Commercialisation Support

We deliver proven competitive advantage with an actionable playbook for our partners and clients. Most importantly – our team have commercialised our own intellectual property and products. We have the scar tissue to prove it.

The IP Advisory team at IIP caters to a full range of commercialisation needs through its identify, design, protect and execute programme.

We help organisations and entrepreneurs create a strategic roadmap for their ideas and innovation. Great ideas abound, but often there is too much focus on the idea itself rather than on the commercialisation process. Our clients succeed because we help them understand that commercial success often comes down to how — rather than what — you commercialise. Our own experience commercialising IP means that we understand the risks associated with early stage technologies, the high cost of IP protection and how to mitigate these risks, the objectives of technology transfer offices, and the art of marketing technologies and engaging with third parties for licensing activities.

We don’t claim to be the experts in all sectors of your technology which is why we have further invested our time to bring you the Rapid360™ programme.

Our current clients include iconic multi-national corporations, leading universities, SMEs, venture capital firms, new business start-ups, individual inventors and not-for-profit organisations across a broad range of technologies and industries.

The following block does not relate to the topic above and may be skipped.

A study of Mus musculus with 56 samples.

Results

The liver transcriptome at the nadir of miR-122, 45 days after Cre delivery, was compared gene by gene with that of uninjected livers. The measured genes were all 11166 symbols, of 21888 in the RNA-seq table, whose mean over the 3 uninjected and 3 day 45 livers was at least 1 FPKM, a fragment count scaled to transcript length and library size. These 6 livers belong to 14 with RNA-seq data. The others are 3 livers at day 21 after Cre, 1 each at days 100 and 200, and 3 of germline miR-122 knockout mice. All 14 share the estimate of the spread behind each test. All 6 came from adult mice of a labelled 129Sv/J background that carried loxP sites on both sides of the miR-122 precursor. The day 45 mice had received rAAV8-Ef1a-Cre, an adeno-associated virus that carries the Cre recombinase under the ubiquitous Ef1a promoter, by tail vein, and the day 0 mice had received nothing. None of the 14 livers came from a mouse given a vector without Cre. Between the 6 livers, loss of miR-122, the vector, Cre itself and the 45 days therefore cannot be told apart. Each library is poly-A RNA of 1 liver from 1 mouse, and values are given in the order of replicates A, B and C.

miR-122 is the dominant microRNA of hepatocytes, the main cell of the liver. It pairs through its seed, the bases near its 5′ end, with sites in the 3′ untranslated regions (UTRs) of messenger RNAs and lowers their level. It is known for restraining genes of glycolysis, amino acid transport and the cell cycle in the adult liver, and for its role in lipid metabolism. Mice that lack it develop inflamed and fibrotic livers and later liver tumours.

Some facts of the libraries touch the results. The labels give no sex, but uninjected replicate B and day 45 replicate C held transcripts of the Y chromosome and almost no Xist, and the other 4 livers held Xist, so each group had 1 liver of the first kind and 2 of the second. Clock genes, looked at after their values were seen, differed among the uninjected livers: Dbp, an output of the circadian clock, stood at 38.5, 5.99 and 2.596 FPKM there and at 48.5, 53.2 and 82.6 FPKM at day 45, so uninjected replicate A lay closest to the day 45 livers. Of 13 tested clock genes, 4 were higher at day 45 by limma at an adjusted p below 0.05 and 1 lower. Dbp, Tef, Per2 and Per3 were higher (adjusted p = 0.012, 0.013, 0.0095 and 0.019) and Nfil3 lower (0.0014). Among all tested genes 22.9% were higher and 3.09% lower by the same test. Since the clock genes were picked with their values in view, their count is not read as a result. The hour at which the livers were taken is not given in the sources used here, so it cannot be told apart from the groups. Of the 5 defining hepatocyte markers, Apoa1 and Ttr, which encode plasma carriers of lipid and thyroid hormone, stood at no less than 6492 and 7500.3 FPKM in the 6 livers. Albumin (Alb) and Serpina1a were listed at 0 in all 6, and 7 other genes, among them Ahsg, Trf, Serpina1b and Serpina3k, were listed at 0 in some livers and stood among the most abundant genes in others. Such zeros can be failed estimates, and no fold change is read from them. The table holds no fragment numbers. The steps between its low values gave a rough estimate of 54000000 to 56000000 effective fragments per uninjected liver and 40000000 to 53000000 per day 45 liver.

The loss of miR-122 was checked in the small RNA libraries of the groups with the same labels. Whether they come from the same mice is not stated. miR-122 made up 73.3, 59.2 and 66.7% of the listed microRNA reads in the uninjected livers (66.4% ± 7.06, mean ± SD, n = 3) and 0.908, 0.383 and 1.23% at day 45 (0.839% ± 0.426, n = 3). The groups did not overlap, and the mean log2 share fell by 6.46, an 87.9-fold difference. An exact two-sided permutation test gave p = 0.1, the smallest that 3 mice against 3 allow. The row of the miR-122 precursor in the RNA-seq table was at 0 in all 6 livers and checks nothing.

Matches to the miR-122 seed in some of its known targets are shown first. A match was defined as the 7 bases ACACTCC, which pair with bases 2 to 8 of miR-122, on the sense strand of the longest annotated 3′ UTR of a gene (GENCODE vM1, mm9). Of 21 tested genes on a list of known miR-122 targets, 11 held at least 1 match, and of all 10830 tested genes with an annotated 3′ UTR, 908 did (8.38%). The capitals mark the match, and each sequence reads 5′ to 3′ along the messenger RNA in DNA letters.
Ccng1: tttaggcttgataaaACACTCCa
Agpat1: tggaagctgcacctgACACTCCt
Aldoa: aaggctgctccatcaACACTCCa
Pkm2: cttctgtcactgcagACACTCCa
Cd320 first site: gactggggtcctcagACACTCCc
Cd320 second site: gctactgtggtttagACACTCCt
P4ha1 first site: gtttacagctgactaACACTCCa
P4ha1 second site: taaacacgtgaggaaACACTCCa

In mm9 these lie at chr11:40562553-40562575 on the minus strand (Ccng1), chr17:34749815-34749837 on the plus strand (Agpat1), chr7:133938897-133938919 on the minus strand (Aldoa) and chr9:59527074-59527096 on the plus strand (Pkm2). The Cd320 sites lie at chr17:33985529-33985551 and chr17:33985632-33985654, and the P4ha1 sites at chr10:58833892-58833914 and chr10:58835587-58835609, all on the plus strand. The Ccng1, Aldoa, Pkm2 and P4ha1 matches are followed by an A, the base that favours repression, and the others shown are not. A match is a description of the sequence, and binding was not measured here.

IIP can provide the following to help with the commercialisation process:

  • Business Plan Development
  • Corporate Set Up
  • Prototype Development and Modelling
  • Tradeshow Assistance
  • Product Development and Alignment with IP
  • Brand Strategy and Alignment with IP
  • Licensing Analysis and Key Target Identification
  • Grants and Alignment with IP
  • Commercialising Plans
  • Feasibility Studies

Insights - Commercialisation Support

Mapping and aligning intangible assets (IA) through product development stages is a critical process for innovators seeking to maximise the value of their innovations.
Unlike patents, trade marks, and designs which are enforced under the provisions of their respective Acts, trade secrets are not subject to their own Act.
Most, if not all, organisations unknowingly develop confidential information including trade secrets. Take, for example, a courier who learns that, at a particular time of day, it is best to take a
For most inventors, the patenting process is a foreign concept that is confusing, complex, and divorced from the underlying development of the technology of an invention.